New sustainable platform to test liquid-formulated products
Chemical engineers are developing a sustainable testing platform which could overcome cost barriers, reduce risk and speed up the manufacturing of liquid-formulated products.
The project will help SMEs and larger companies to more easily deliver products which are scalable, sustainable and economical, ultimately saving resources and funds. It could be of interest to companies spanning a broad range of industries, from pharma to agriculture to aerospace.
Professor Elaine Martin, Head of the School of Chemical and Process Engineering at Leeds, is leading the sensors, process analytics design, data fusion and control elements of the research.
Technology innovation centre CPI (Centre for Process Innovation) – an organisation which collaborates with academia, business, and funders to bring new products to market – is driving the project.
The technology is expected to be fully operational from March 2020 onwards.
Understanding product behaviour
Batch-formulation, a process used to make products such as pharmaceuticals, dyes and pigments, and agricultural treatments, uses excess resources and incurs high costs. To overcome this challenge, CPI’s new platform will allow the rapid learning and analysis of new complex liquid processes before the product being processed is used commercially.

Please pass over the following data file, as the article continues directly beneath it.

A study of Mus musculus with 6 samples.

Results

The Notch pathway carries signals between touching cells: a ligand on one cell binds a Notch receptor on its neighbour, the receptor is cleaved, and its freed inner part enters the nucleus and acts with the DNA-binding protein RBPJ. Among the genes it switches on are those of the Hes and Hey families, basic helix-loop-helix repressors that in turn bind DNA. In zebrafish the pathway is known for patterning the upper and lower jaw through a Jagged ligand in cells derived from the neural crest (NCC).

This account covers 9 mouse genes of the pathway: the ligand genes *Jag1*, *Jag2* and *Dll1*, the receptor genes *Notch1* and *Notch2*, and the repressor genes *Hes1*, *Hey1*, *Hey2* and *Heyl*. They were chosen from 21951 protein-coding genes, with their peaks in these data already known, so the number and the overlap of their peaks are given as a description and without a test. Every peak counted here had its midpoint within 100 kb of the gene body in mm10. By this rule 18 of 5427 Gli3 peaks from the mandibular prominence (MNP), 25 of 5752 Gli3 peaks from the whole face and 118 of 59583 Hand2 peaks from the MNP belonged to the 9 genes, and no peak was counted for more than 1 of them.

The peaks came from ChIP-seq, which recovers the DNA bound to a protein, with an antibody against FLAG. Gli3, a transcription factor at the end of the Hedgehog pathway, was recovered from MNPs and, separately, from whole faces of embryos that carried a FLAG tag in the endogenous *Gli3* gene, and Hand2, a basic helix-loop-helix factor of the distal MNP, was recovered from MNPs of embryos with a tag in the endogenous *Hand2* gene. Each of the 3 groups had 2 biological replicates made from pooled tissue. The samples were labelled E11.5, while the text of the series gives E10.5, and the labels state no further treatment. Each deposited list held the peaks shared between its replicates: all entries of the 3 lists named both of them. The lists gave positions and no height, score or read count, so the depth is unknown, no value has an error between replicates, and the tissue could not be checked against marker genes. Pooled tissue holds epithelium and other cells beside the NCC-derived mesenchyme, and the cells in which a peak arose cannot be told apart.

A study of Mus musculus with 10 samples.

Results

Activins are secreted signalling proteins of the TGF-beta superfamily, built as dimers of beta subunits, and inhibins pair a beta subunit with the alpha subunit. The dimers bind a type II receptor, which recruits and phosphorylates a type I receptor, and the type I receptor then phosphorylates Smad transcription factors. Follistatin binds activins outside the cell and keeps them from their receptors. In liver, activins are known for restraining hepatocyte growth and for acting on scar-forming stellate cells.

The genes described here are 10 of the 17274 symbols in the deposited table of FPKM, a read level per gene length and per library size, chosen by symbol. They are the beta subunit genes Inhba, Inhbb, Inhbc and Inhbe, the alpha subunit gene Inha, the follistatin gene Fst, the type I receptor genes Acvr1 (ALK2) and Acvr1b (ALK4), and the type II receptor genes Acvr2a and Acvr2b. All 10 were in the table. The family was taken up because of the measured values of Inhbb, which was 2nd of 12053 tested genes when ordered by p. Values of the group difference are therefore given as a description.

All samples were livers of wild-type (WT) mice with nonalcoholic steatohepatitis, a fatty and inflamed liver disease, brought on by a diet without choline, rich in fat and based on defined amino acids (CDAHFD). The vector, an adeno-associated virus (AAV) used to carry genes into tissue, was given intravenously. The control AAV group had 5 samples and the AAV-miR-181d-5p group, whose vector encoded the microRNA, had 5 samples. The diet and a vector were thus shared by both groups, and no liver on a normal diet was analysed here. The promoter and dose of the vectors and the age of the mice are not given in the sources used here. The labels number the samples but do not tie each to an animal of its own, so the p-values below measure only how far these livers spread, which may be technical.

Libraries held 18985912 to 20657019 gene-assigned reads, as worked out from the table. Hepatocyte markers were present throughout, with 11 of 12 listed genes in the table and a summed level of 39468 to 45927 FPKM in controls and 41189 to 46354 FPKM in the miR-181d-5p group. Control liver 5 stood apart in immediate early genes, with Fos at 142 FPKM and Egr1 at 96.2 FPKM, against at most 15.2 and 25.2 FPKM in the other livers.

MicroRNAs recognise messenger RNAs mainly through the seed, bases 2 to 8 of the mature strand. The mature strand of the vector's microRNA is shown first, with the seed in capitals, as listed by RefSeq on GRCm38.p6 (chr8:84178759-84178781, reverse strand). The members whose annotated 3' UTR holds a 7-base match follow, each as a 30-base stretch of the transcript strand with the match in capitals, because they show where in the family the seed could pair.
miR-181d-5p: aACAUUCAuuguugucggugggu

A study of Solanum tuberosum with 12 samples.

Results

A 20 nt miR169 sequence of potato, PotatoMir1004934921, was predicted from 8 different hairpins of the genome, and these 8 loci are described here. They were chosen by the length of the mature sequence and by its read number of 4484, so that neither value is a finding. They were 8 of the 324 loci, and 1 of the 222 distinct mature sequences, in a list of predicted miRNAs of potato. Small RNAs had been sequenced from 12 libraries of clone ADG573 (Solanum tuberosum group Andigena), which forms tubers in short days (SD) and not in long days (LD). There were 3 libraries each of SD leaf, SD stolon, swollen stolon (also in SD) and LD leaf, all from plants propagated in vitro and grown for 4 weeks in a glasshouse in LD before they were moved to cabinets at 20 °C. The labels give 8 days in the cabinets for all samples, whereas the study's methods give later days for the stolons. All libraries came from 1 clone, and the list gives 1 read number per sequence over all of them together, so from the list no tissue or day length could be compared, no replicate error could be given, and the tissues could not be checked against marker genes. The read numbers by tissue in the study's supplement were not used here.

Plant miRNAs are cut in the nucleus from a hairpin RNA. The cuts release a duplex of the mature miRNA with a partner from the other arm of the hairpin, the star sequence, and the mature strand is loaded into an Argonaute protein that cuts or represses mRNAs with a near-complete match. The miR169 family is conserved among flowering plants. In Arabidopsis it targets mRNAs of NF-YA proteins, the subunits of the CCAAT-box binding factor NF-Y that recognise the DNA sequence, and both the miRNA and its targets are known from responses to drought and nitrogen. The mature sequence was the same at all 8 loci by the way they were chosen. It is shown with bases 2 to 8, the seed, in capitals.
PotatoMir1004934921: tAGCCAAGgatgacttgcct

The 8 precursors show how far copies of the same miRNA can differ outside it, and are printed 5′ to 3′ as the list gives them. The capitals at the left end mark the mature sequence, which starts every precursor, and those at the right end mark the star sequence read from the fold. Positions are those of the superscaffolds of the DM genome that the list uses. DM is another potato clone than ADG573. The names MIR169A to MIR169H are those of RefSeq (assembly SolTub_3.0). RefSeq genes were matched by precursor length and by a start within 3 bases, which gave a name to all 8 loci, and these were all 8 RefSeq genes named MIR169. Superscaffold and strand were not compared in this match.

The platform is equipped with technology that uses specific methods to predict and control product behaviour in real-time during processing. Soon, it will serve as a ‘test-bed’ for novel sensors and process analytical tools.
Ultimately, companies will be able to better understand and control the dynamics of ‘scale-up’ and ‘scale-down’ in batch formulation. In scale-up, products are developed in a series of stages that move from pilot through lab testing and other steps to production to reduce risk before investment. In scale-down, manufacturers investigate and modify the ongoing production processes.
The technology is versatile: it can be adjusted to specific project needs depending on the type of product.
Its cutting-edge instrumentation has the capability to produce data which gives insight into how products behave in processing. It also has a data acquisition system which implements process models for the real-time prediction of its parameters.
The platform (main image) has a control system attached to its rig, and a measuring device that is capable of monitoring and controlling the product’s quality. It comprises a sequence of ‘scaled vessels’ which range from one litre to 1,000 litres, and a ‘sample flow loop’ which is used at both the data acquisition and production stages.
Professor Martin said:
“By innovating through the analysis of new complex liquid processes, manufacturers will be able to assure products are processed in the most efficient and sustainable way before capital investment, reducing financial risk."
Our goal is to make the development of the next generation of products more efficient.
The Universities of Birmingham and Edinburgh are collaborating with Leeds and the CPI to carry out the research.
The equipment is currently housed at the University of Birmingham and it will then be moved to CPI to complement their existing formulation capabilities at Sedgefield.